What better way to end our month of Spring Cleaning than with the odious task of cleaning and organizing your sprawling iTunes music library. You may have started with the best intentions, but over the years the metadata got away from you. Or perhaps you were a mess to begin with and ditched your beloved collection for the simplicity and ease of a streaming service such as Pandora, Rdio, or Spotify. If you take a little time to wrestle with the data behind your files in iTunes, you may rediscover the greatness of your underused or abandoned music collection. So, let's dust off iTunes and get in there and clean up your library.
Metadata is your friend
Every track in iTunes has data behind it that helps iTunes catalog it, from the obvious track, artist, and album information to year, track number, and genre. The accuracy of a track's metadata depends on how you imported the track to iTunes. To tweak the metadata of a track or, better yet, an entire album, right-click on a track or album and select Get Info. On the Info tab, you'll find various fields to edit.
I'm a big fan of shuffling songs via genre (jazz shuffle during dinner, reggae shuffle on Sunday morning, a blues shuffle nearly any time of day), so I keep a close watch on how an album is categorized in this regard. For example, some albums I perceive as reggae get categorized as World, so I will change them to Reggae for my reggae-genre-shuffling enjoyment.
Genres in iTunes are selected via a pull-down menu and many are similar to one another. I don't listen to enough alternative and punk music to have a genre for Alternative and another for Alternative & Punk. So, when I import an album and iTunes classifies it as Alternative & Punk, I change it to Alternative. All the better for my Alternative genre shuffle. Same for the Electronic, Electronica, and Electronica/Dance genre choices and the Country and Country & Folk genres.
Find missing album art
I have found that iTunes is pretty good at grabbing album art; it found art for the majority of albums I have imported to iTunes over the years, the vast majority of which were from CDs. For the albums that iTunes failed to find art for, you have two options.
Option 1: Tell iTunes to look again
Right-click on a album that's lacking art and select Get Album Artwork. In my experience, iTunes is successful in finding artwork for more mainstream releases and occasionally surprises me by finding more obscure albums, so it's worth a quick check before preceding to method 2. And it doesn't take iTunes long to search for art -- only a couple of seconds, whether it finds it or not.
Option 2: DIY
If iTunes doesn't come up with anything, then you can add your own art. Find the art using Google or the search engine of your choice. Open the image in your browser and keep the window open next to iTunes. In iTunes, click on the album in need of this art and select Get Info. On the Info tab will be a blank box for Artwork. Just drag the image from your browser to this box. If dragging doesn't work, you can save the image to your desktop and then double-click the blank Artwork box to select a local file.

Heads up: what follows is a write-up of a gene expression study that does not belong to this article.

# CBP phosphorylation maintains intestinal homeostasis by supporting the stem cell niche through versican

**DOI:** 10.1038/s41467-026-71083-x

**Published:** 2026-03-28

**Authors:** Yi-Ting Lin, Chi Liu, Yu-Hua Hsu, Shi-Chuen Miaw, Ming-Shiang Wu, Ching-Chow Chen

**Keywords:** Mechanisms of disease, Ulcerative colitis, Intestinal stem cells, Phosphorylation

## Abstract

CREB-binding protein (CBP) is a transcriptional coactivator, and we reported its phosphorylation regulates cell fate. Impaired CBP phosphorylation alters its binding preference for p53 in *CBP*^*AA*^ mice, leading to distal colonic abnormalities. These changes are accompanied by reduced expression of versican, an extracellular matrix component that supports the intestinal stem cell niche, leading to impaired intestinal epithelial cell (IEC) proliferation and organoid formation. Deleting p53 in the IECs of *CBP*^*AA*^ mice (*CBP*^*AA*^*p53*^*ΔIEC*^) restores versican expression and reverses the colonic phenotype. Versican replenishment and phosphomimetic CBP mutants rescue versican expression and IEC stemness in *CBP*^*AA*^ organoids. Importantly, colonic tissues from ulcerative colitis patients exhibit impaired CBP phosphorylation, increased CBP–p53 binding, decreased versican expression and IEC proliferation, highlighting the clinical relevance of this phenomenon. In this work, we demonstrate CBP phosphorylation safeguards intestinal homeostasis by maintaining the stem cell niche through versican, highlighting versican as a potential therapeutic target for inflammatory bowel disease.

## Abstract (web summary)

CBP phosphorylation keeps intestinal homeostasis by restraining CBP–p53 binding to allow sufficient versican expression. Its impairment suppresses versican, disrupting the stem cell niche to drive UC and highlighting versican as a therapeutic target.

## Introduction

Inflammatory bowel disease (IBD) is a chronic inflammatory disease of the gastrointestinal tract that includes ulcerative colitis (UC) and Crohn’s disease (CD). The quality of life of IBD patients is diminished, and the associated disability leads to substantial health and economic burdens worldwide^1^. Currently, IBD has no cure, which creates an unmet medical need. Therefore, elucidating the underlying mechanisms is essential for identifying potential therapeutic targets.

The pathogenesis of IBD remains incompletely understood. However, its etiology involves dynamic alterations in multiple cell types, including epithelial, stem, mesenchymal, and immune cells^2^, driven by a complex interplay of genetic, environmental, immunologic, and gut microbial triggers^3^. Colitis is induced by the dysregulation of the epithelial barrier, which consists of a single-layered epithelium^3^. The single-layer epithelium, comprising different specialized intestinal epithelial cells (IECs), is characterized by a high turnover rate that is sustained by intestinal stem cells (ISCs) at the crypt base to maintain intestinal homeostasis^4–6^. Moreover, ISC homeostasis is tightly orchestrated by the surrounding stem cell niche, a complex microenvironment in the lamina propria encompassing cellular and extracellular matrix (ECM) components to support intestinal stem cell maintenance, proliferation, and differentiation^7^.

Display and delete duplicates
If your music library is sizable, then the odds are good you have a few duplicates in there. iTunes makes it relatively easy to ferret out such redundancy, but Apple has moved it infrom the spot where you might have found it in previous iterations of iTunes. From the menu bar, choose View > Show Duplicate Items.
From this list, you can view all duplicates, which will show the same song no matter which album it's on. Or you can click Same Album at the top of the list to view only duplicates from -- you guessed it -- the same album. Before deleting a duplicate, be sure you add Bit Rate as one of the filter options. This way, if two duplicates feature different bit rates, you can remove the the lesser of the two.
Know your compilations
I have a number of reggae compilations, which greatly add to my reggae genre shuffle, but all of those artists with only a song or two to their name in my collection clog up my library and make it difficult to browse by artist. Thankfully, there is a way to clean up your artist list without needing to change the artist metadata for each track on a compilation to something inaccurate or vague.
Right-click on an album and select Get Info. On the Options tab, select Yes for "Part of a compilation."
I have found that sometimes iTunes treats each track of a compilation as its own album, which scatters each track throughout the Album view because it's organized by artist name. In such cases, just go to the Songs view, order the list by album, and highlight all of the songs of the album to select all at once to tag them as part of a compilation.
For any song in an album that's marked as a compilation, the artist will not show up in the Artists view in iTunes. And you'll find a Compilations item at the top of the artist list for easy access to any and all of your compilation albums.
Editors' note: It's spring-cleaning time! Week five's theme: there is no theme. It's a bonus week. Check back this week through Wednesday for spring-cleaning tips on a variety of subjects.